Like a lot of people on YouTube, Nick Reineke makes videos about games. And like a lot of people on YouTube, he wants to make money off those videos. But he can't. Last month, YouTube banned him from AdSense, the advertising service that most YouTubers use to make money.
It's not clear exactly why he was banned—YouTube hasn't explained—but Reineke thinks he knows what the problem was: an excited fan. A fan who clicked on one of Reineke's ads too many times.
A fan who might have inadvertently ruined Reineke's YouTube career.
Kotaku was first contacted by Reineke, who runs a channel dedicated to showing off indie games, a few weeks ago. He told us that he had received an e-mail from YouTube saying he was banned from AdSense for "invalid activity." And he said he knew why.
"I've come to find out that a fan of mine took it upon himself to "help" my page by clicking
my ad 20 or so times," he said in an e-mail. "I'd never condone this and never would have wanted anyone to do this as I am aware it is a flagrant violation of the AdSense Terms of Service. Unfortunately for me, my YouTube channel is tied to my AdSense account and because of this issue I am now blacklisted from becoming a YouTube partner and monetizing my videos in the future."
The fan has admitted to clicking the ad, posting on Reineke's forums to apologize. "I thought, 'Hey, maybe I could give it a few clicks to see if Nick gets any money from it. Couldn't hurt to try, right?'" he wrote. "This was obviously [an] incredibly dumb decision and ended up getting Nick's AdSense blocked completely."
Reineke has reached out to other YouTube networks to try to strike a deal, but they won't partner with someone who can't support AdSense. He can't make a new account without making up a false identity. And when he appealed to YouTube, they denied his request.
Here's the letter they sent him:
Thanks for the additional information provided in your appeal, we appreciate your continued interest in the AdSense program. After thoroughly reviewing your account data and taking your feedback into consideration, our specialists have confirmed that we're unable to reinstate your AdSense account.
If you'd like more details on our invalid activity policies or review process, please visit http://www.google.com/adsense/suppor…. As a reminder, further participation in the AdSense program by publishers whose accounts have been disabled is not permitted.
Thanks for your understanding,
The Google AdSense Team
After an e-mail like that, Reineke says there isn't much else he can do.
"It is not possible to directly contact Google," he said. "No one will speak with you, and there are no other avenues unless you are friends with someone who works there. Once your appeal is rejected, they will not reply to your emails or speak with you further on the issue (they actually tell you that in the rejection letter). It is essentially a LIFETIME ban for your account. Seems fair, right?"
I reached out to YouTube for clarity, but they wouldn't comment on Reineke's specific situation. A YouTube representative sent me this statement:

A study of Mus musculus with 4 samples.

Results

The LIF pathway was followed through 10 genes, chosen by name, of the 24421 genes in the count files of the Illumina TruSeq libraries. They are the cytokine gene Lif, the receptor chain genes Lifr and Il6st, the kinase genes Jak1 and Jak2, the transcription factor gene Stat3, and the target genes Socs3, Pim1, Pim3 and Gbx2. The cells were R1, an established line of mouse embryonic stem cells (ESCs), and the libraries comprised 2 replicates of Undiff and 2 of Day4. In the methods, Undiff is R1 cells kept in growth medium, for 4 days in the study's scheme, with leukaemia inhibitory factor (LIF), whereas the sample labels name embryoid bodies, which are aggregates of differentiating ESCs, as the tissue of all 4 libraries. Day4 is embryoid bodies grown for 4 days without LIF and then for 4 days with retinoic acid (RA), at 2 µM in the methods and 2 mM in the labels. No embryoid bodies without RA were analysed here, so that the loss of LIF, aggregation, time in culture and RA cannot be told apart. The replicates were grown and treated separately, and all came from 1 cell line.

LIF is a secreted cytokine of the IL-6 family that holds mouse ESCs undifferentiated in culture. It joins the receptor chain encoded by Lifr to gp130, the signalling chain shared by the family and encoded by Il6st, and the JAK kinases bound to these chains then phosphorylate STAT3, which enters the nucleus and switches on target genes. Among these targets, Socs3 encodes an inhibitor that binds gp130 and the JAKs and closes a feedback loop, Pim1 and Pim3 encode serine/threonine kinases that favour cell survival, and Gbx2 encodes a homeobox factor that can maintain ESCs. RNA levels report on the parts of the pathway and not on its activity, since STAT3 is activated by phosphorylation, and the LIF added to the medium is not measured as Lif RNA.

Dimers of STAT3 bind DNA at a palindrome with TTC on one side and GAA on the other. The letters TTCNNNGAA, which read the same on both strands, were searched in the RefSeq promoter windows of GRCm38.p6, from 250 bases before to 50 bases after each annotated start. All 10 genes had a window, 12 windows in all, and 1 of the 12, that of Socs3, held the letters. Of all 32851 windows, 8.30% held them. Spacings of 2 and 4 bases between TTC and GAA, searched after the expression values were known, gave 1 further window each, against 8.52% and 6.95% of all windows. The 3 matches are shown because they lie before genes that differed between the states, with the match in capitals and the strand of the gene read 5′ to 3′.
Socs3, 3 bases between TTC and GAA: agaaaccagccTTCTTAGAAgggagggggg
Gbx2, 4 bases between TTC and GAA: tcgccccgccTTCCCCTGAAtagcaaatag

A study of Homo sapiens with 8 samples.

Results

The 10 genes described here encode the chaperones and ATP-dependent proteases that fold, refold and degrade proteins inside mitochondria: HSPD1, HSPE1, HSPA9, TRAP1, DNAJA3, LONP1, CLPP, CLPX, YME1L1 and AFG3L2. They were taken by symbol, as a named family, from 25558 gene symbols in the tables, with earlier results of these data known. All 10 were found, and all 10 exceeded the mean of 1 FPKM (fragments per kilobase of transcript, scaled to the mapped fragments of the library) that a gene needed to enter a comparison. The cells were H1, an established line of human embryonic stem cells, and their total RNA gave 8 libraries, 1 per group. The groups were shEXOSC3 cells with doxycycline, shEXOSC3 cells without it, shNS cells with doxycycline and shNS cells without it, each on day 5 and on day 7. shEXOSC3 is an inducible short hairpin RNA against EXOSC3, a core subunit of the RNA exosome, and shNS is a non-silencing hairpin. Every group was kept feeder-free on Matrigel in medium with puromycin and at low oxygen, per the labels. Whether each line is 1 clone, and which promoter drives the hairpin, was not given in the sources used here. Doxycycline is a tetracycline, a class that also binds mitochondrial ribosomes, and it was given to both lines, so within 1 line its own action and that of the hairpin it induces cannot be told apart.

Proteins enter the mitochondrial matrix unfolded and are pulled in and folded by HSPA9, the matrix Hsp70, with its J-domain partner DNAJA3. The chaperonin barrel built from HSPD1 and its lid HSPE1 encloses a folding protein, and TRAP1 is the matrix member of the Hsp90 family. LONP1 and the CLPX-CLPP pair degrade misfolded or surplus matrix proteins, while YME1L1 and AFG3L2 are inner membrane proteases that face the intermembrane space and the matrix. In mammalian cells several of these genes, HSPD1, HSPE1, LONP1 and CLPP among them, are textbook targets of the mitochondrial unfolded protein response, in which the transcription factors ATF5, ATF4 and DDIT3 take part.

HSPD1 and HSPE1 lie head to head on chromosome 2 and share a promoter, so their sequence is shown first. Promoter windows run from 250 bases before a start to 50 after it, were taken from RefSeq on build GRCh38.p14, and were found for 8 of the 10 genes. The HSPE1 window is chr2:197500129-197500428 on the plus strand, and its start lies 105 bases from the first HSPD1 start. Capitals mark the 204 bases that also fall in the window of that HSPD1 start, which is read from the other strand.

If we determine that an AdSense account may pose a risk to our advertisers or the experience of individual users, we may disable that account to protect the health of the network. If a publisher feels that the decision to suspend their AdSense account was made in error, and if they can maintain in good faith that the invalid activity was not due to the actions or negligence of themselves or those for whom they are responsible, they can appeal the disabling of their account. Accounts will be reinstated on a case by case basis.
While it's certainly possible that Reineke was banned for another reason, he told me he has no idea what that might be, and YouTube isn't helping.
"The notification that they had disabled my AdSense account due to 'invalid activity' was sent just a few days after the person had told me they did the spam clicking on my ad," he said. "Since it was the only ad I had up, and it was the only thing tied to my AdSense account... it's really the only thing that could have caused this. I've also considered the possibility of a rogue spammer on my site or something random like that, but I've never seen any evidence of strange behavior on the site before my account had already been disabled.
One of Nick Reineke's most recent videos, from his channel Indie Impressions.
"My YouTube and website editing and usage (with respect to my account standing) has been very much a repeated pattern of posting new content the same way day after day for months, so I can say in good conscience, other than the fan clicking the ad, there wasn't a deviation of any kind or anything I've done that would be misconstrued as malicious by Google."
So Reineke is frustrated. He's feeling helpless. And he doesn't know what to do next.
"My question is: what is there to stop someone who didn't like me from spamming any ad they know to be powered by AdSense to get it all taken down?" Reineke said. "There are no repercussions for the person doing the clicking, only the people who stand to lose everything. Seeing as how I did not condone this action by the individual who thought they were helping me, it's not really much different.
"So is there really justice here? Someone who has devoted thousands of hours to their site and channel is now barred from potentially ever making money from their work on this service because an over-zealous fan decided on their own to spam click my ad?"
Update: Shortly after the publication of this article, I got an e-mail from Reineke saying that his account had been restored. He wasn't contacted by YouTube or informed in any way; he just suddenly saw that AdSense was back.
"I uploaded a video last night and I didn't have the row of $s next to my videos," he said. "This morning, as I noticed [this article] show up in my RSS feed, it was back."